Athens, 1 October 2021
The Technical University of Darmstadt (Germany) and the National and Kapodistrian University of Athens (Greece), in collaboration with the European Urban Research Association (EURA) and the Standing Group on Local Government and Politics of the European Consortium for Political Research (ECPR), successfully organized the PhD Training Summer School on ‘Local government in motion – Local innovation in changing contexts’, an initiative of Professor Dr. Hubert Heinelt (Darmstadt University of Technology), member of the Board of Directors of the International Centre for Black Sea Studies (ICBSS). The ICBSS is the media sponsor of the event.
The PhD Training Summer School was organised in the context of the Research Project on “Conditions for Institutional and Cultural Innovations in cities” (CICI), and it was held as a physical event for the period from September 13th to September 15th 2021, in Chania (Crete - Greece), at the Center of Mediterranean Architecture (KAM) - the former Arsenali Veneziani, in continuation to the successful summer school organisations of the previous years, as a result of the German-Greek bilateral research and innovation cooperation.
The 2021 Summer School aimed at doctoral and advanced students in master's programmes who wished to answer the question of why innovation has been achieved in certain cities (and not in others).
In the context of the summer school, innovations were defined in a broad sense - namely as "new ideas that work", and were seen as something that is perceived by locals (as well as by external observers) as novelties and improvements at the same time. The concept of innovation was therefore not limited to technical changes and attention was also given to local policy innovations. Besides, the notion of innovation was contextualised in that it is based on the understanding of local actors. To this point, participants had to look at local innovations either from an academic disciplinary perspective (political science, sociology, geography, history, planning) or follow an interdisciplinary approach.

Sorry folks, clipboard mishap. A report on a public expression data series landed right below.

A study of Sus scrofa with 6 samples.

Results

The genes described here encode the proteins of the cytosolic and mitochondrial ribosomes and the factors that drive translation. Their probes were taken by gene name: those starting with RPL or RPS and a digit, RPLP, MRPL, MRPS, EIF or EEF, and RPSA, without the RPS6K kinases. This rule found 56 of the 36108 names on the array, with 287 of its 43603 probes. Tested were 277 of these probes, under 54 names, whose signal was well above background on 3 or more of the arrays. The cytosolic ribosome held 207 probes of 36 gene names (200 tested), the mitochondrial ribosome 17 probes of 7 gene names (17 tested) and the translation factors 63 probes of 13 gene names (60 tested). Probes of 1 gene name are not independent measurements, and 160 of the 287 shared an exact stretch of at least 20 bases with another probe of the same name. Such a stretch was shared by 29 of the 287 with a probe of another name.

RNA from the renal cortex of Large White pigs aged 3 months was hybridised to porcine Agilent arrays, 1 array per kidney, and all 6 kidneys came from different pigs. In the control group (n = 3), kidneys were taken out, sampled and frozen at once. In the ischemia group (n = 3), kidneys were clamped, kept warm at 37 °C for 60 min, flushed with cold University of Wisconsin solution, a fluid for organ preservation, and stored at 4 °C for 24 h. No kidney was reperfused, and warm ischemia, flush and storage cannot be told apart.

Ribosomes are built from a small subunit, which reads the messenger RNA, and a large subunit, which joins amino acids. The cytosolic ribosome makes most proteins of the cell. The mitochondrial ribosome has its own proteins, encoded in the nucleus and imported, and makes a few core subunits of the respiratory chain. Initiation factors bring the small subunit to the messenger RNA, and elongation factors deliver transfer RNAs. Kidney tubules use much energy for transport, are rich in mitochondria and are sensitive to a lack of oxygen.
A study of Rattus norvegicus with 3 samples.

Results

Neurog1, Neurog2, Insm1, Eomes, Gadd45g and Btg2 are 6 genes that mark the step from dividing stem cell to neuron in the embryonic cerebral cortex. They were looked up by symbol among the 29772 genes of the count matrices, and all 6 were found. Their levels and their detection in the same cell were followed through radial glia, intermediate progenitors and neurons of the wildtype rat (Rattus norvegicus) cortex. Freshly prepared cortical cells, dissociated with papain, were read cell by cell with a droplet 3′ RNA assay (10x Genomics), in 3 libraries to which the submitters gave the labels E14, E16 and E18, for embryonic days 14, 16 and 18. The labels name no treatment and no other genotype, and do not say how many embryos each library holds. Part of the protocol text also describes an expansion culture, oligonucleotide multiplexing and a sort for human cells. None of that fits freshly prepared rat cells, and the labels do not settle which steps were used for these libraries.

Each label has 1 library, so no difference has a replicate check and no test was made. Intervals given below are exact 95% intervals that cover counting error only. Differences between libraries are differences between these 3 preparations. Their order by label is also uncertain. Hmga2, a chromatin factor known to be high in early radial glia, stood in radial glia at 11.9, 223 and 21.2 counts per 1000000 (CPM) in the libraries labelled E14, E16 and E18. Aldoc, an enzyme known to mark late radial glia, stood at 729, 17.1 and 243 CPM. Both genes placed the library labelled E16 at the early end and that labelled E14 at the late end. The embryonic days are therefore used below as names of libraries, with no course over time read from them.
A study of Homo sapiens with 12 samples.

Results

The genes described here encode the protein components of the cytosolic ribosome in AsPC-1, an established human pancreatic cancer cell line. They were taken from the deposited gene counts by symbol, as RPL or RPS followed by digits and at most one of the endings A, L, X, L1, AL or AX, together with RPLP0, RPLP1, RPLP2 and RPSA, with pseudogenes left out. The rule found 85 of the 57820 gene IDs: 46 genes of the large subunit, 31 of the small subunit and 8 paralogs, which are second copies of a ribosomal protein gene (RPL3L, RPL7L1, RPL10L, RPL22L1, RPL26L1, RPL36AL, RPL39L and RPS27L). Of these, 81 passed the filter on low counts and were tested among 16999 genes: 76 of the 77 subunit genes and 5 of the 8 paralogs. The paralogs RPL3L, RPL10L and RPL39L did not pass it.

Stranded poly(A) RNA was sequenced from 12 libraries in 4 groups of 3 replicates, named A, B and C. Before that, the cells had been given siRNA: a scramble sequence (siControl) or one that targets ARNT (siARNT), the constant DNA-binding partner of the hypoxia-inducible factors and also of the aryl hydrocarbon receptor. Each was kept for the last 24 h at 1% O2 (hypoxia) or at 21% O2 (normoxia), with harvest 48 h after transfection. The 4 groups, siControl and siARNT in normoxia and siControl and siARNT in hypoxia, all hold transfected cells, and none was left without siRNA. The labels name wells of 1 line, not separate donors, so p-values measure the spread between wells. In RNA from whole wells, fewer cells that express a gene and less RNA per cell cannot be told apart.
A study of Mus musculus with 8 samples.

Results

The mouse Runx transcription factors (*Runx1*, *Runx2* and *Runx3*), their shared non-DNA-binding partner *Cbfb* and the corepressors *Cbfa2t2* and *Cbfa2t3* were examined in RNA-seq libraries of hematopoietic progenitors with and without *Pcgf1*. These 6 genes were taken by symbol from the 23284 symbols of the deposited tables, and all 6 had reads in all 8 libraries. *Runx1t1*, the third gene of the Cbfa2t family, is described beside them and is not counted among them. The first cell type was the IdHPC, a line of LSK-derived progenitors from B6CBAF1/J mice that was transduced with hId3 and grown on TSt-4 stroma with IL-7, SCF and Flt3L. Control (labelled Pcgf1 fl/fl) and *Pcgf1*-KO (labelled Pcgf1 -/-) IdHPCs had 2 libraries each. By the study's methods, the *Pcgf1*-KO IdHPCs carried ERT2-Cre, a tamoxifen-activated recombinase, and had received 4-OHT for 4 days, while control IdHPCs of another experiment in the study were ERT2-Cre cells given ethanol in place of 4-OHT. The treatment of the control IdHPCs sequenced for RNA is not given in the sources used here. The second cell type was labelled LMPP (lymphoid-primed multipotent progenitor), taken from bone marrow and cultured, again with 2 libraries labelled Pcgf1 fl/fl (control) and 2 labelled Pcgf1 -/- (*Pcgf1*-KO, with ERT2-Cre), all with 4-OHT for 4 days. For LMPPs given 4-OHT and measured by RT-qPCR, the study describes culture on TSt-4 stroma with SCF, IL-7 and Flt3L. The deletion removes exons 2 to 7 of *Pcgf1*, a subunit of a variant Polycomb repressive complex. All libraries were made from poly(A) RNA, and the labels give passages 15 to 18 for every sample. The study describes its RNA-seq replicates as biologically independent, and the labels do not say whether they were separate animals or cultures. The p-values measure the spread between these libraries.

Special emphasis was given to 8 key notes, as the 2021 summer school was a mixture of these key notes given by established scholars and presentations by the doctoral and advanced MA students about the design and (preliminary) results of their own research.
In this framework, the summer school planned the 8 following key notes:
-Prof. Dr. Hubert Heinelt: How to explain that innovations have been achieved in certain cities – and not in others? Initial epistemological reflections
-Prof. Dr. Georgios Terizakis: Interpretations of local possibilities and limits for action as key to innovations
-Prof. Dr. Filipe Teles: Urban innovation, networks and institutional adaptation – an overview of global trends
-Prof. Dr. Nicolaos Hlepas: There is no guarantee for continuous local innovation processes – the cases of Athens and Thessaloniki
-Prof. Dr. Chunrong Zheng: Innovations in urban and community governance in China: Cases and Reflections
-Prof. Dr. Björn Egner: Empirical methods to explain differences in innovations – the case of local housing policy in Germany
-Prof. Dr. Bas Denters: Innovations in local government: understanding the dynamics. The strengths and weaknesses of quantitative comparative approaches
-Prof. Dr. Sybille Münch: Empirical methods to understand differences in innovations – reflections from an interpretive perspective.
Course directors of the 2021 edition were Prof. Nikos Hlepas and Prof. Björn Egner.
Twelve participating students (Wirginia Aksztejn, Saroj Aryal, Martina Balazova, Marie DeCock, Elizaveta Gjurova, Maria Karamanoli, Eleni Krikona, Katarzyna Lakoma, Gil Pradeau, Magdalena Potz, Justyna Ślawska, Tomás Vellani), represented universities from several European countries (Belgium, France, Germany, Greece, Poland, Slovakia, and the UK) and presented the design and (preliminary) results of their own research projects during the individual sessions of the school programme.
This was one of the long-lasting series of summer courses for PhD students interested in local government and politics issues, by giving the opportunity to develop a further understanding of comparative local government studies and to discuss PhD-related research with an experienced international faculty of different disciplines.
This summer school series provides an excellent opportunity to build, deepen or widen networks with scholars working on similar topics in the field.